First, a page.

What Are Musculoskeletal Disorders?
When you first hear the term referred to by the Canadian Government as Work-Related Musculoskeletal Disorders or WMSDs, it may seem vague or even a little daunting. A Musculoskeletal Disorder is defined as:
“Musculoskeletal Disorders or MSDs are injuries and disorders that affect the human body’s movement or musculoskeletal system (i.e. muscles, tendons, ligaments, nerves, discs, blood vessels, etc.). Common MSDs include Carpal Tunnel Syndrome.”
What are the different disorders that fall into the musculoskeletal category?
This list includes:
- Carpal Tunnel Syndrome
- Muscle / Tendon Strain
- Ligament Sprain
- Tension Neck Syndrome
- Thoracic Outlet Compression
- Rotator Cuff Tendonitis
- Radial Tunnel Syndrome
- Digital Neuritis
- Trigger Finger / Thumb
- De Quervain’s Syndrome
- Mechanical Back Syndrome
- Degenerative Disc Disease
- Ruptured / Herniated Disc
Chances are you have heard of at least one of these disorders, but what causes their development? The answer becomes apparent when you hear the more common name for WMSDs, which is repetitive motion injury.
WMSDs are developed by completing one task or motion many times throughout a given period i.e. typing, sitting / standing in a certain position, twisting, bending or any other combination of movements. The areas that are affected include muscles, tendons, ligaments, nerves, discs and blood vessels.
Signs and Symptoms of a WMSD
There are several stages one can experience when a WMSD is developing (though they may not appear in this order).
Early Stage: Aching and tiredness of the affected area during the work shift but disappears at night and during days off work.
Intermediate Stage: Aching and tiredness occurs early in the work shift and persists throughout the day.
Late Stage: Aching, fatigue, and weakness persist when resting, an inability to sleep and to perform light duties.
What can you do to help prevent yourself from developing a WMSD?
Here are Some Prevention Tips:
- Body and working height
Working at the wrong height can lead to using a hunched posture, craned neck and strained eyes. Ensure that your workstation is at the proper height for your body.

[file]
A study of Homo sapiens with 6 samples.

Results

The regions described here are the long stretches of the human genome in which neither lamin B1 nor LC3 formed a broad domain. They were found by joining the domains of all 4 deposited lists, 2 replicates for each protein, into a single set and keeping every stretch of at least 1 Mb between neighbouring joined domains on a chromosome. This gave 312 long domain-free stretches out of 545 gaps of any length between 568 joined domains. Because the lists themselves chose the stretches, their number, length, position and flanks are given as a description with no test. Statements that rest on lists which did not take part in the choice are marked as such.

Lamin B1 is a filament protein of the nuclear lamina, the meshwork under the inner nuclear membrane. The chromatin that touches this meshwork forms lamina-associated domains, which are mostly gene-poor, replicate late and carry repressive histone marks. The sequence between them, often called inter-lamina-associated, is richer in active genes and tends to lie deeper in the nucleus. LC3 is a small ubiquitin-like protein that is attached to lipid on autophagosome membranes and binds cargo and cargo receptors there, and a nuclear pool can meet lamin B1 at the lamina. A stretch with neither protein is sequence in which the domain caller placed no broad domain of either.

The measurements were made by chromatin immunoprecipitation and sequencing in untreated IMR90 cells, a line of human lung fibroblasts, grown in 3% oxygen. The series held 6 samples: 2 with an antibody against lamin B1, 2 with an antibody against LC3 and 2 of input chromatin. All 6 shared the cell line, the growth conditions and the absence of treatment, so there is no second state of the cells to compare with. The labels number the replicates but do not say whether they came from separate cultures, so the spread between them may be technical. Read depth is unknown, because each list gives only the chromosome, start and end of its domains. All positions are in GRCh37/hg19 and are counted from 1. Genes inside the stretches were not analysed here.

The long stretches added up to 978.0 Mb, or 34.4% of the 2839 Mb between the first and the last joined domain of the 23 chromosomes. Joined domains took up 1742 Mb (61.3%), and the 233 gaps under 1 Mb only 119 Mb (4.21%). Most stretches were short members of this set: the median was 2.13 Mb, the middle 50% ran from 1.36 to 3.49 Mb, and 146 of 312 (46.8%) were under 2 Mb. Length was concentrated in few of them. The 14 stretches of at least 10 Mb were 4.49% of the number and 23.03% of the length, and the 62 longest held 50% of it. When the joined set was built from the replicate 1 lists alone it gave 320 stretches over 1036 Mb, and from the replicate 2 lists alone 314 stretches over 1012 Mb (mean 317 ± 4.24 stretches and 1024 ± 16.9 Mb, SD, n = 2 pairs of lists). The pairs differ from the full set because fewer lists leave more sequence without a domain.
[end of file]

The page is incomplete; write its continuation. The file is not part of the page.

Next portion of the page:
- Minimize exertion through the use of a manual roller section or lifting aids.
- Reach zones
- All containers, equipment and operating elements should be easily accessible.
- Torso rotation and shoulder movements (particularly with weights heavier than 1 kg) should be avoided.
- Workstations should be designed with three zones in mind:
- Primary, for constantly used equipment.
- Secondary, for tools and parts that are often reached with one hand.
- Reference, for occasional handled items such as reference files.
- Parts Presentation
The presentation of parts to the operator is key in minimizing physical exertion and unnecessary movements. The key areas are:
- Frequently used grab containers should be placed at a short distance.
- Heavy parts should be stored within easy reach in lower containers.
- When possible, use a slide rail or roller conveyor to minimize exertion.
- Range of vision
Each head turn or change of the line of sight results in lost time and decreases productivity, and more importantly, can cause spinal cord strain. For optimal workstation design try to…
- Avoid unnecessary eye and head movements.
- Vision distances should be as identical as possible to eliminate refocusing.
- Avoid fastening locations not visible to the operator.
The correct light, adapted to the activity of the workstation, is a basic precaution to avoiding straining your eyes. It is therefore important to:
- Avoid strong lighting contrasts.
- Avoid glare and reflection.
- Ensure all workstations are free from shadows, flickering and glares.
- Adjustment of work equipment.
To maintain performance levels and promote productivity, the correct adjustment of a table, chair, footrest and position of tools and materials must be achieved. This helps to avoid straining many parts of the body, thus ensuring you are less likely to develop a WMSD.
BONUS: Ergonomics is another extremely important way to prevent injuries in the workplace. One method of incorporating ergonomics into the workplace would be to introduce ergonomic robotics which would not only help prevent injuries but can also help increase productivity.
Some of the robotics that can be installed within your facility to achieve this include:
- Barrel and Drum Lifters
- Vacuum Bag Lifters
- Box Handling Robotics
- Roll Handling Robotics
- Sheet Handling Robotics
- End of Arm Tooling
- Vacuum Lifters
The above material handling devices can assist with preventing a Work-Related Musculoskeletal Disorder by reducing the amount of weight lifted and stress placed on the body.
It is extremely important to be aware of the body and what it is telling you. If you begin to experience aches and pains related to certain repetitive movements at work, inform your manager or try to adjust your workstation to better suit your needs to hopefully alleviate the pain. Whatever you do however, do not let the aches and pains go unattended, or by the time you do something about it, it may be too late.
Do you have a Musculoskeletal Disorder? Do you know someone who has one? Or do you have any additional advice you want to add?
Comment to share your story or advice.